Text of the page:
Actions speak louder than words. And the lack of action on wage inequity speaks volumes.
Gender inequity is a problem across many Canadian universities and in the Canadian workforce in general.
Although Queen’s has made strides to address the lack of diversity within faculties, women remain underrepresented in higher professorial positions and are largely absent from higher-paid faculties.
There are many factors that contribute to this reality. For one, structural barriers prevent women from being promoted, entering high-paying disciplines or conducting research.
There’s also a distinct disparity between disciplines that women do or do not enter. As a result, there aren’t enough female candidates to draw from to fill underrepresented faculties.
But we’ve already established that we have a problem. It’s time for the next step.
In the long term, there’s work to be done to encourage people from diverse backgrounds to enter disciplines where they’re underrepresented, so there will be enough candidates in the future to draw from.
In the meantime, we need to address the existing inequalities. To do this, we need more concrete and specific data on where underrepresented groups are falling through the cracks.
Queen’s releases some data, but it’s only general representation rates. There’s no way to find out how much female professors make compared to their male colleagues — unless they make over $100,000 and are on the Sunshine List.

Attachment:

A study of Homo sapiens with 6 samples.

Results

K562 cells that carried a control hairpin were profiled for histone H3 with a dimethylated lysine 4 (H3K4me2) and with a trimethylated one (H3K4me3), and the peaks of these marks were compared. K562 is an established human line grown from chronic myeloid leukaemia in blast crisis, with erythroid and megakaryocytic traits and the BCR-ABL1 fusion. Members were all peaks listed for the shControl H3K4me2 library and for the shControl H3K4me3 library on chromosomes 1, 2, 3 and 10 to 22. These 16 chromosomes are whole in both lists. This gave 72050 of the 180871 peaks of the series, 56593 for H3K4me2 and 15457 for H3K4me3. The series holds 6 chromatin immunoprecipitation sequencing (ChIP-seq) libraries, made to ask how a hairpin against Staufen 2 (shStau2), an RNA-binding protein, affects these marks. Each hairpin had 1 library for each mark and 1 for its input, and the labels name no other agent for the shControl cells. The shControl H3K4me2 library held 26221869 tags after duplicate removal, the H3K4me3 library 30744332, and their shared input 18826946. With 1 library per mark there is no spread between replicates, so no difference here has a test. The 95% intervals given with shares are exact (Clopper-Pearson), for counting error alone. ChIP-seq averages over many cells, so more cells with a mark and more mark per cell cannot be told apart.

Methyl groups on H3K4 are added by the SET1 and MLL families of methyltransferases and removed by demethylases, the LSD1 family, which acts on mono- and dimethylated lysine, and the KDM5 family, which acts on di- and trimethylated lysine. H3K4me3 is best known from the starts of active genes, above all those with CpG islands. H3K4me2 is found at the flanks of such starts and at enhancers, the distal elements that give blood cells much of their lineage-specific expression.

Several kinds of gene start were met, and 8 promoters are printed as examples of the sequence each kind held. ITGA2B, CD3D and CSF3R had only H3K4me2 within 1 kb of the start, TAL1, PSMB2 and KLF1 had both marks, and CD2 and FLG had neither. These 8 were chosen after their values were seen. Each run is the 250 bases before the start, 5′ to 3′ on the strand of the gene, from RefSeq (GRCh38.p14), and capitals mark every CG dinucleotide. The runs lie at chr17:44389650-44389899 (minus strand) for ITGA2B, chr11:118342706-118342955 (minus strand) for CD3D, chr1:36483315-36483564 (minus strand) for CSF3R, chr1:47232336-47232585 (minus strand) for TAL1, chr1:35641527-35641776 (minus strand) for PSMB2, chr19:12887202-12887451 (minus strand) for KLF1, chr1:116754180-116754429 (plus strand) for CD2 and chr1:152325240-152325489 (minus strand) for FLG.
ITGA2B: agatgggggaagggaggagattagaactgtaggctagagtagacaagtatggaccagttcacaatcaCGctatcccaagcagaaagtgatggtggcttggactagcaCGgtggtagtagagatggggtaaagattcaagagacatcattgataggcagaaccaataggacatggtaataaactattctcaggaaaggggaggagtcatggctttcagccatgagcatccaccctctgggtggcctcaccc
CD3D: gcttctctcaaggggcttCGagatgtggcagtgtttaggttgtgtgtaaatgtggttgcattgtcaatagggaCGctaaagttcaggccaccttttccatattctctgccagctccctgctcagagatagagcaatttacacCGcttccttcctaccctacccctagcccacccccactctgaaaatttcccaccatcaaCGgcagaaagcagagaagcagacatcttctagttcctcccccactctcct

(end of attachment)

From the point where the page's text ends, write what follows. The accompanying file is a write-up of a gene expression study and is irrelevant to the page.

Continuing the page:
As a result, we don’t have a clear picture of how underrepresentation is really affecting female professors and contributing to a wage gap.
We need transparent data. Not just general representation rates, but faculty-by-faculty breakdowns. Not just how many women there are at each rank, but how many women are promoted, why some aren’t and how this affects pay raises.
Most importantly, how much are female professors really paid compared to their male colleagues?
We don’t need more rhetoric about updated policies that continually fails to provide concrete facts or objectives.
The only people who are really capable of doing this are senior University administrators.
Queen’s has made progress in representation at the undergraduate level. The School of Computing and the Faculty of Engineering have both made successful efforts to recruit more women into their programs.
There are models for achieving equity that are working, and these need to be applied on a broader scale.
One way to ensure that gender inequity is at the forefront of the administration’s priorities could be to put equity policies in place at higher levels of decision-making. The Board of Trustees itself — one of Queen’s three governing bodies — lacks representation from many different underrepresented groups.
It isn’t asking much for an employer to provide equal pay for equal work.
But our administration is often reactive instead of proactive and changes are often made in the wake of criticism.
Here’s a chance to get ahead of the curve.